One Wylie family had to battle the bank to get repairs started on their hail damaged home.
David Walling’s entire Wylie neighborhood got pounded by giant hail twice in March and April. His roofer was generous enough to put on a new roof without asking for payment. The rest of the repairs though were put on hold until he got a check from his insurer.
Walling, his wife and two kids have been living out of a hotel for more than a month.
A couple of weeks ago he thought he would be able to pay up when his $32,000 insurance check came in.
But Chase declined to take the check because it was over a $25,000 limit it had for insurance checks. He was told the check was also made to a third party, his mortgage company, Wells Fargo. So he went to Wells Fargo and got its endorsement, but that wasn’t good enough for Chase.
“I got upset, said a few choice words and walked out of bank called Chase corporate,” Walling said.
He says Chase corporate told him the check limit may be a regional rule, not a company-wide one and was told to try another branch. He did, and this time spoke with a branch manager who told him sorry, he couldn't make the deposit.
“But that I'm not the first person she's had to turn away with a check larger than $25,000,” Walling said.
Walling said the branch manager told him the bank was trying to prevent insurance fraud and suggested he have his insurance company issue him checks in smaller amounts or just sign the entire check over to his builder.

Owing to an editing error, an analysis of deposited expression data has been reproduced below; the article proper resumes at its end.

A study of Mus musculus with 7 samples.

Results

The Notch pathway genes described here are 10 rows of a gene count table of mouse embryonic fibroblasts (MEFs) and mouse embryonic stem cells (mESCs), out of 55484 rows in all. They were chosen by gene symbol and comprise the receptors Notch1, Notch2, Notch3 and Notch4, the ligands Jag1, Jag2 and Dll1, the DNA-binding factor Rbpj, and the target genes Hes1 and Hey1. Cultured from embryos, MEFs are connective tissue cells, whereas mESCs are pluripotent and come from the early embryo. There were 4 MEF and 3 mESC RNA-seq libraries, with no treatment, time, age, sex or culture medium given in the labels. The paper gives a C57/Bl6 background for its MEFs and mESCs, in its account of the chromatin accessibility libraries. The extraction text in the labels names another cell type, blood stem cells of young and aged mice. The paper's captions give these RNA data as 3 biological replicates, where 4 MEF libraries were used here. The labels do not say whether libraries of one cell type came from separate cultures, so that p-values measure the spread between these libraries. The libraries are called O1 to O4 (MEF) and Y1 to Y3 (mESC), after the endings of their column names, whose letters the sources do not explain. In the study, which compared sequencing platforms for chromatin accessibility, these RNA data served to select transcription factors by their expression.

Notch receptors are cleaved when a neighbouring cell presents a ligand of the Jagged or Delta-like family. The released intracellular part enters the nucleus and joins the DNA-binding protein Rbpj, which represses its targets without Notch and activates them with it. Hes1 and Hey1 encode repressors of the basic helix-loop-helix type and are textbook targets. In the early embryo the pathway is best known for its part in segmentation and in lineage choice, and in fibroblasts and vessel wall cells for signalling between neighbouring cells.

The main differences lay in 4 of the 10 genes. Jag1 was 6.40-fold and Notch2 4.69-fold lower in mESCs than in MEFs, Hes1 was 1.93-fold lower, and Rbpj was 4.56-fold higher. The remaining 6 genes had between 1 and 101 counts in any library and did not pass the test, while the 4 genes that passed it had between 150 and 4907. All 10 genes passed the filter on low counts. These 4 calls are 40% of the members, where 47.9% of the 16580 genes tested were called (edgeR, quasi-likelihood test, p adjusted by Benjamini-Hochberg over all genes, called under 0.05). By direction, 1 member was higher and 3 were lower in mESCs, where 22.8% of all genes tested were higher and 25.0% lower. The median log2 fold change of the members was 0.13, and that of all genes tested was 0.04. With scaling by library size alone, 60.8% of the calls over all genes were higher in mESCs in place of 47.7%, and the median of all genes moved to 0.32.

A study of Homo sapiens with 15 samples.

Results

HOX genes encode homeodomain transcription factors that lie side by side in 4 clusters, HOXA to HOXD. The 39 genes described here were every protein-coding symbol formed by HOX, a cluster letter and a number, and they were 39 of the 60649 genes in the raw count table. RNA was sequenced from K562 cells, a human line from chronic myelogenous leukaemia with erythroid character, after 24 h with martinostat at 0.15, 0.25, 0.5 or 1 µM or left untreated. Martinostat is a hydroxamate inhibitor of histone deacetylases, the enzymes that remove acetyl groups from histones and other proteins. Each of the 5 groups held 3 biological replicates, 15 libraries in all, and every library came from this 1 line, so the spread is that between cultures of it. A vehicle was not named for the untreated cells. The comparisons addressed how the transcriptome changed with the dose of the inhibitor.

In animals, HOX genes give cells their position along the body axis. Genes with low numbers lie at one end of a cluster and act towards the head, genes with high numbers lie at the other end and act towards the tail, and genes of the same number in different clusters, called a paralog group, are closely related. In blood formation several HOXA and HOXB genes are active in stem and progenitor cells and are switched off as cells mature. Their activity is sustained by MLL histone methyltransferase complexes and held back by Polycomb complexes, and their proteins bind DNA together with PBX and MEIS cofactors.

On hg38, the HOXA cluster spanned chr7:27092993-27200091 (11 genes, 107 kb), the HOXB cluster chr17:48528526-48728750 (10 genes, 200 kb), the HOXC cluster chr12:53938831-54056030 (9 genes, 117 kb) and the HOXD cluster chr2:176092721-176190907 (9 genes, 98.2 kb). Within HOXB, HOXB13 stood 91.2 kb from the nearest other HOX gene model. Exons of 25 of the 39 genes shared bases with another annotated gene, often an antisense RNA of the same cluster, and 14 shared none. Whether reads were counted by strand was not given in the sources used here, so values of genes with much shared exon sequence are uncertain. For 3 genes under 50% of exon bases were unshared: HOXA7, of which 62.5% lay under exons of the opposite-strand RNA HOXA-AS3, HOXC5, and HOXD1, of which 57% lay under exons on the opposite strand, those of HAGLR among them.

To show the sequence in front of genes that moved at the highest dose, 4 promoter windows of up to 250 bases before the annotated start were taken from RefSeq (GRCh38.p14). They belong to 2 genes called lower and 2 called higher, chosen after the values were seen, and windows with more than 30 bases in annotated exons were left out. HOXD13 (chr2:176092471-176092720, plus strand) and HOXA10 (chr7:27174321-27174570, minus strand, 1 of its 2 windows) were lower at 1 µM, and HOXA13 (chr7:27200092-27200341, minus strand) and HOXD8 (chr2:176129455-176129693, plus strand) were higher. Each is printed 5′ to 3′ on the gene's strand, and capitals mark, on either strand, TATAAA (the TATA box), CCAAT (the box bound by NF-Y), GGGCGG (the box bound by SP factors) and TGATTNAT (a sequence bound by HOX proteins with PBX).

“I'm not sure I want to sign over my entire check hoping he would give me the difference,” Walling said.
He said the manger even suggested he open an account with competitor Wells Fargo. The longtime loyal Chase customer said to top it off, the insurance check in question is from a Chase account.
Bugged by the red tape and tired of living out of a hotel, Walling gave FOX4 a call.
The next day Walling was able to walk into a Chase location and deposit his check -- no questions asked.
In a statement, Chase thanked FOX4 for bringing this to their attention and said to make it easier for Texas storm victims, it increased the check limit from $25,000 to $50,000.
“We'll be able to start paying our builders and they go in to finish the house,” Walling said.
A spokesman for Chase said because it can't verify an endorsement check made out to another business, it is best if people work with their insurance company to get a replacement check made solely to you the homeowner. Especially if it's over $50,000 and that check is made out to another mortgage company other than Chase.